Dearly Beloved You Guys:
I am struggling to keep up this blog. Clearly. In the past, I have declined to post because I have nothing to report, because I’m chugging away at a manuscript deadline or cramming for an exam, because my personal thoughts are quotidian. However for the past three months, the opposite has been true: so much has changed and in such remarkable ways that I never had the time to write it out.
For two months, I was on an in-patient internal medicine service: long and demanding days, very sick patients, many triumphs, a few heartbreaks both professionally and personally. I struggle to write clearly about it because I struggle to think clearly about it. Talk to a hundred doctors about their training and you likely will get a hundred different stories. Maybe more. The only thing physicians might agree upon regarding training is that it changes those who undergo it.
To me it feels as if medical training is changing me almost faster than my ability to perceive. Most notably, I have become largely unperturbed by suffering and death. It’s something of a surprise, and not entirely unwelcome. The father of modern internal medicine, Sir William Osler spoke at length about the young physician’s need to develop the quality of ‘aequanimitas,’ of being able to keep one’s self mentally and emotionally steady in the face of semi-chaotic situations and highly charged emotions. It is this quality I suppose (and hope) is beginning to affect how I see the world. This isn’t to say that I have achieved any great deal of aequanimitas; though having cared for patients with very poor prognoses before, over the past months, I for the first time witnessed death as it happens. For the first time, I made and delivered a terminal diagnosis. So long as I was wearing the white coat, so long I was in front of patients or physicians, I betrayed no sign of strain. But in the bottom of empty hospital stairwells, during 2am car rides home, in personal relationships, the cracks showed. Things fell apart. And yet…those most important were put back together. The service we provided in the hospital felt more important than the transitory distresses. These were the two most challenging months I have yet faced in medical school, but also the most rewarding.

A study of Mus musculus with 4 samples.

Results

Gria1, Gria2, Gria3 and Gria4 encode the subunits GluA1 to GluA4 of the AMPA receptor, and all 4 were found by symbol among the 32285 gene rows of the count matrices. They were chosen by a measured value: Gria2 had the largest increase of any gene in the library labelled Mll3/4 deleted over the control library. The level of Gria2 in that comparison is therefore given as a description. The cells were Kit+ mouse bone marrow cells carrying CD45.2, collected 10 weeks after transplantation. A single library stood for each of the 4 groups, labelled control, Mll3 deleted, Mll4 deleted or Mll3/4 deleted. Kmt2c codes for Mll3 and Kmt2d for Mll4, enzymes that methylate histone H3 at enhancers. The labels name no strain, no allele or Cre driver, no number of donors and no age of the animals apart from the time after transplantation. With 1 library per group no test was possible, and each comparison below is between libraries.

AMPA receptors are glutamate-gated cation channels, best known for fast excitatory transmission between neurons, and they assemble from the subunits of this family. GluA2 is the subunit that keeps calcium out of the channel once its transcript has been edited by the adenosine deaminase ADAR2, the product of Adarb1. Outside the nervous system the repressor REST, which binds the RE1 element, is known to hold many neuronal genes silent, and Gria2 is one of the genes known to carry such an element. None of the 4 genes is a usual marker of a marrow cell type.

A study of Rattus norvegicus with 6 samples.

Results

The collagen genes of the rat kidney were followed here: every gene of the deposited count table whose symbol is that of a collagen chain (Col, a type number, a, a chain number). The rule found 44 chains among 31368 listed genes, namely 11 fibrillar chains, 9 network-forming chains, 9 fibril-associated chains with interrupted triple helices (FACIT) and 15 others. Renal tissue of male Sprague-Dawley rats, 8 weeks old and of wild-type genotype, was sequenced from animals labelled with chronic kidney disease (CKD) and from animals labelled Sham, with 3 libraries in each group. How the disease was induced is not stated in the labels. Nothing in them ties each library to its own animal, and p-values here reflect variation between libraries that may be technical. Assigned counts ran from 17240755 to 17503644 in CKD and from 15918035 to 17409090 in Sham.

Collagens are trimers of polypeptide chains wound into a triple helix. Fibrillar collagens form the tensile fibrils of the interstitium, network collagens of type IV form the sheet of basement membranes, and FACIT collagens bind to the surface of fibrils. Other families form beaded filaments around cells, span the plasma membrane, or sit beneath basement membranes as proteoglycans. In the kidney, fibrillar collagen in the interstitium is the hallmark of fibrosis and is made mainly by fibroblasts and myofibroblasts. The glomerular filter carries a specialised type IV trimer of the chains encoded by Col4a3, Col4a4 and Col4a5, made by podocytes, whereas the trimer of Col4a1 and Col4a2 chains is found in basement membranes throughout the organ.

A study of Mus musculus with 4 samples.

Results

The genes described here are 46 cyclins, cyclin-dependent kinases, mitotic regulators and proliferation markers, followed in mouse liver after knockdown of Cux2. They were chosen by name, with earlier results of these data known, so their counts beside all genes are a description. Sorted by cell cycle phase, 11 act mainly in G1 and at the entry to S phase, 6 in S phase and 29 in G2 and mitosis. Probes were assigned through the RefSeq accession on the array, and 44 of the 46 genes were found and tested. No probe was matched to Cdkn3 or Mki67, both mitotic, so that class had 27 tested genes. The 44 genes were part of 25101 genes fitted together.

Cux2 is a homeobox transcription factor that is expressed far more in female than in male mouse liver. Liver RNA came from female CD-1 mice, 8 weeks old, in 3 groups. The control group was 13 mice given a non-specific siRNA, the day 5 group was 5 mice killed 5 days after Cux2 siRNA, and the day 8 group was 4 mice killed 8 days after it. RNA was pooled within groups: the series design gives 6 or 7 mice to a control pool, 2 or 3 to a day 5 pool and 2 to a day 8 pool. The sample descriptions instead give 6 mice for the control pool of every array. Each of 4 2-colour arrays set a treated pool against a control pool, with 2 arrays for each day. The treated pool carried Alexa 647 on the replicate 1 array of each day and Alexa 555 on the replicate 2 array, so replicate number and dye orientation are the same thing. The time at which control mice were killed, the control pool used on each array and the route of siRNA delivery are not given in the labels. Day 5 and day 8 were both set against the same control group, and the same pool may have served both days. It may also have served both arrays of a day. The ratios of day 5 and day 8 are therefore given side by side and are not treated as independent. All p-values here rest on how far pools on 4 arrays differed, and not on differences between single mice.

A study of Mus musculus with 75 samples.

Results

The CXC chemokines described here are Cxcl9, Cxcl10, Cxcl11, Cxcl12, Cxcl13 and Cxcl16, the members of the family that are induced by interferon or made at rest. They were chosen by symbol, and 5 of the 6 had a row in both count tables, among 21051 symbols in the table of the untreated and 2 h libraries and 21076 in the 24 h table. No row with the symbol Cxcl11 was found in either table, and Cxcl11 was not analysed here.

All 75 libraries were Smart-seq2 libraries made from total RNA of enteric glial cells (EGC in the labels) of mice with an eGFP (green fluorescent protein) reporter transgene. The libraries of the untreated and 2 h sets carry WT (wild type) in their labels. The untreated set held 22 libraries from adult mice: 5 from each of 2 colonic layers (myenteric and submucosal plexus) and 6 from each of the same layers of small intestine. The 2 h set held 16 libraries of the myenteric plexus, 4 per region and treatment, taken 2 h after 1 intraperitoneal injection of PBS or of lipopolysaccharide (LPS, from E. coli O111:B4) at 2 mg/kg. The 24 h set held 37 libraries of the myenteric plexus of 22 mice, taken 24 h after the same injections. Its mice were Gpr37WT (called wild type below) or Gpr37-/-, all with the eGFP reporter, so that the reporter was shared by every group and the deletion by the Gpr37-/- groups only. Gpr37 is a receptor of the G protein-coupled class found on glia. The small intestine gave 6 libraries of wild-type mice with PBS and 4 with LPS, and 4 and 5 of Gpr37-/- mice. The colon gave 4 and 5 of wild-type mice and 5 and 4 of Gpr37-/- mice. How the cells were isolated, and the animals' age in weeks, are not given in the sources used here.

The holidays were a welcome break, a chance to look back at 2011—the year my second novel came out, the year I began to truly develop a sense of what it means to be a clinician. Looking forward to 2012, I anticipate it being a pivotal year. Only surgery and OB-GYN remain of my required rotations. Thereafter, I’ll complete a few months of electives, select my future profession, and after a month of being a “sub-intern,” will very suddenly be done with medical school. In the time before I start residency, I will have to finish up the third and last novel on my current publishing contract. After turning in that manuscript will come the difficult decision of what I am to write next. Another fantasy? Something about disability? About medicine? All three?
In short, this year I will have to define myself as a physician and redefine myself as an author. But thankfully, things won’t be all work and tough decisions. In fact, I’m excited to announce that I’ll making three authorial appearances across the country in the coming months. (See the events blog post shortly after this one.) So while San Francisco is more likely to see snow in the coming months than I am likely to blog turning my surgery rotation, I will hope to see you in the spring.